In this article Elliot Ross says Scotland should take responsibility for the major and highly lucrative role it played in the transatlantic slave trade. He refers to a recent BBC documentary, Slavery: Scotland's Hidden Shame, which followed the publication of a major book. It gave a thorough and critical expose of an aspect of Scottish history that has often been ignored or else reduced to little more than a footnote beneath grander and more comfortable narratives about Scotland's distinctive scientific and intellectual contributions to modernity. Recent emphasis on Scottish participation in the abolition of slavery and the slave trade has come at the expense of a proper understanding of the ways in which Scottish institutions and elites were enriched by chattel slavery. This "structural amnesia compounds the original injury and extends the contempt for black life that made the transatlantic slavery economy possible to begin with." Read the full article here.
MJR is about addressing legacy of both colonial enslavement and industrial exploitation. One of the most significant events in UK history affecting the latter was the Peterloo Massacre of August 16, 1819 in Manchester when 60,000 peaceful pro-democracy demonstrators were charged by cavalry resulting in 18 deaths and over 700 severe injuries. Described as “the most important political event ever to take place in Manchester.” by the Guardian (founded as the Manchester Guardian as a direct outcome), the 200th anniversary of Peterloo will take place next year. Many events and activities are being planned to mark the anniversary (more information here) and MJR is helping plan one of these: a special commemorative service at Manchester Cathedral on July 7. More details to follow.
Also marking this anniversary is the Mike Leigh film 'Peterloo', now on general release in cinemas. The film tells the story of the context and build-up to the events of August 16, 1819, and of the day itself. It gives a telling insight into the conditions of the working classes and comparative ease and wealth of the factory owners and landed ruling classes that resorted to drastic measures to hold onto their power. Many reformers and commentators of the time compared the plight of the working classes to that of the enslaved, referring to 'white slavery', and a number of abolitionists were also involved in the struggle for worker's rights. The film leaves the viewer to draw their own parallels with modern-day Britain. Recommended for those who wish to learn about an important piece of our history, which, like the truth about enslavement and colonialism, has been conveniently neglected.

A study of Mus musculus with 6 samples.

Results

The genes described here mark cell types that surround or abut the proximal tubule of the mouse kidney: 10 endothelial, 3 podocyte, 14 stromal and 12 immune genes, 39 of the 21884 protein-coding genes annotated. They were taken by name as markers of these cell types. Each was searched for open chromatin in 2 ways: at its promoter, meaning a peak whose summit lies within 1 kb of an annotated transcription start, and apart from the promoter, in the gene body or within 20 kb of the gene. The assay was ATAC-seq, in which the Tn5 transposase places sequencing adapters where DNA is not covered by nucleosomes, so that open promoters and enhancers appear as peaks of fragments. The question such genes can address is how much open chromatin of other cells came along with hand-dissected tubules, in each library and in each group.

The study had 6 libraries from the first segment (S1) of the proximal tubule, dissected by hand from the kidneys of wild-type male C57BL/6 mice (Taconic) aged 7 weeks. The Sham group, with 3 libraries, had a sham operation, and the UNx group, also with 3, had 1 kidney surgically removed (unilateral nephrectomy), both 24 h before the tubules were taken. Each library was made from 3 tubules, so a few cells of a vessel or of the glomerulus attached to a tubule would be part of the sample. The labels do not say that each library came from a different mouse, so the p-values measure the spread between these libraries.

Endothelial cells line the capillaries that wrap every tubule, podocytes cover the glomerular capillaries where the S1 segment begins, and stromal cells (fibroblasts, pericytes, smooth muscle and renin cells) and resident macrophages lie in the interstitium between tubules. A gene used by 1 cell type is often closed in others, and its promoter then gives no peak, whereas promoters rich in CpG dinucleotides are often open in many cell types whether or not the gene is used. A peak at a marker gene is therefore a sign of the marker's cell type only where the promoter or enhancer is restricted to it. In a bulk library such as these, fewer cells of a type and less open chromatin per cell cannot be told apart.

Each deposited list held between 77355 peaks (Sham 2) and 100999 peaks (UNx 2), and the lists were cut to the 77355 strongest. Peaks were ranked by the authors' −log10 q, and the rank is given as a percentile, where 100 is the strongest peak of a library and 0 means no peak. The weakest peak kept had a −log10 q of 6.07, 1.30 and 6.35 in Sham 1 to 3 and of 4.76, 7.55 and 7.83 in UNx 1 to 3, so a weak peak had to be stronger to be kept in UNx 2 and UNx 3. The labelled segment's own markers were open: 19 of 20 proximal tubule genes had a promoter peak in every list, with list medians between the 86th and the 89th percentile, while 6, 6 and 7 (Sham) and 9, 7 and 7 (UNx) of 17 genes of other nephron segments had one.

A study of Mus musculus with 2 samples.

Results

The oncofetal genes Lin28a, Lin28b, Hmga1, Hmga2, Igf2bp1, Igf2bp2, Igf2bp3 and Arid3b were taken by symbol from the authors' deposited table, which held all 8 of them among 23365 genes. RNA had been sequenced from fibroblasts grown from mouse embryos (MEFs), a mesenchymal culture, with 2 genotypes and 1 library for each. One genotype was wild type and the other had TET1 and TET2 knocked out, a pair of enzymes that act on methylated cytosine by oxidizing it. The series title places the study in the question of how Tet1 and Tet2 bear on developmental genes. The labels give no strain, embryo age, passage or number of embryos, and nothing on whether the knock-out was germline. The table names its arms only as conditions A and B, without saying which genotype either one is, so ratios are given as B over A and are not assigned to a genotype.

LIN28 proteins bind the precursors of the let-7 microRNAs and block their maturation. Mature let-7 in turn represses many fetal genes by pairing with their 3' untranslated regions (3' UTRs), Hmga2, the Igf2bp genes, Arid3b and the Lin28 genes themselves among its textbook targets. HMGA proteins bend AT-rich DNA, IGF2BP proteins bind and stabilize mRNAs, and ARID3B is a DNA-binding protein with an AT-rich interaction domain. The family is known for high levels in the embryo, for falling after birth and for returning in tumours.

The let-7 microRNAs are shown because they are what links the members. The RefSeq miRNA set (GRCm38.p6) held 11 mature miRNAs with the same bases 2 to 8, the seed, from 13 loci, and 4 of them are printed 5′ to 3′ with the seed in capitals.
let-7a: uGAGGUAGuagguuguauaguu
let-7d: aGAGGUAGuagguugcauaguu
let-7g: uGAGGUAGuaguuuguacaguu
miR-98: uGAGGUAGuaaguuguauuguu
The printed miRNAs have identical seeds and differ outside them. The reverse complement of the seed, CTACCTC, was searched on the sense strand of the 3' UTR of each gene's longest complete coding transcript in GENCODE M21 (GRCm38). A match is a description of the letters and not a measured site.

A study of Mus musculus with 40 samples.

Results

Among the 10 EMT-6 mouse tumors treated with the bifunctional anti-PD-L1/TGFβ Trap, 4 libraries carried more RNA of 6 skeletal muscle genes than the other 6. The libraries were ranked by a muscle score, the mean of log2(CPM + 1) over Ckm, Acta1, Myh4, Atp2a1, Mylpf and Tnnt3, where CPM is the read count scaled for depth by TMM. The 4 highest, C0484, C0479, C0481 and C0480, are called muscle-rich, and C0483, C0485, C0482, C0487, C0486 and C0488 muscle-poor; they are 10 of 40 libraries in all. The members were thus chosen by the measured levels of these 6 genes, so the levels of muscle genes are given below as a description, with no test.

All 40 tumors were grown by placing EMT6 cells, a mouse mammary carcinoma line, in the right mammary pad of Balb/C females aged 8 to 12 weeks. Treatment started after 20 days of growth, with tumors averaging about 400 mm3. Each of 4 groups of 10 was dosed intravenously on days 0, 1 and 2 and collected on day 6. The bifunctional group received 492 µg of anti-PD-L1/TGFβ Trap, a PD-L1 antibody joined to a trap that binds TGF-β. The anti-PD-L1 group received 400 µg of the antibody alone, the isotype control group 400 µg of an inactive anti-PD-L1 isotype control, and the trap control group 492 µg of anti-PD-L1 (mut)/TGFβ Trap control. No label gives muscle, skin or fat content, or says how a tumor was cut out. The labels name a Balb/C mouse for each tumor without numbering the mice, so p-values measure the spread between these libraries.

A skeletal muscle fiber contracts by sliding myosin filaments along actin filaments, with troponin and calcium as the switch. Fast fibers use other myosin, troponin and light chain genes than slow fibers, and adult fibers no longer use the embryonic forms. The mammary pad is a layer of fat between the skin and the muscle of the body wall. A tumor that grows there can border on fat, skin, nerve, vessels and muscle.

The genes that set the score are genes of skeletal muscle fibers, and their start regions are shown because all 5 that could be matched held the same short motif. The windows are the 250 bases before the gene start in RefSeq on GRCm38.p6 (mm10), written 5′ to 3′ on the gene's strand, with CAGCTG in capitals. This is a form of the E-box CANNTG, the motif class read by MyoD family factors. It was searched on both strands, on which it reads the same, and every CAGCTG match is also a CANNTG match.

In this article in today's Independent, Deana Heath, senior lecturer in Indian and colonial history at the University of Liverpool argues that the school curriculum must stop whitewashing the British empire and start being honest about the subjugation and exploitation of millions of people.
Heath says his students come to him having been educated through a school history curriculum that focuses almost entirely on English political and religious history, and knowing “practically nothing about empire and its legacies – including in Britain. The histories they have studied and texts they have read were virtually all about or by white men, so they also know nothing about the history of women or the histories of people of colour, either.”
Referring to Jeremy Corbyn’s recent proposals that British school children should be taught about the history of the realities of British imperialism and colonialism, Heath says this would “begin to redress the phenomenal gulf between academic history and the English school curriculum.” Criticism of Corbyn's proposals from people such as Jacob Rees-Mog is based in a "state of denial about empire" and demonstrates “a profound ignorance about British imperial and colonial history, particularly about the impact of empire on not only the colonised but also the colonisers as well.”
Heath's students’ experience has been that being able to interrogate difficult histories, such as that of empire, has given them “a much better understanding of themselves and their place in the world”. Which is, surely, what education is supposed to do.
Read the full article here.
On a visit to Ghana this week Prince Charles will acknowledge Britain's the role in the “most painful chapter” of Ghana’s historic relations with Europe, as he speaks of the “appalling atrocity” of the slave trade in a landmark speech.
Speaking of the “unimaginable suffering” which left an “indelible stain on the history of our world”, he will argue that Britain must take responsibility for ensuring the horrors are never forgotten. Read the full article here.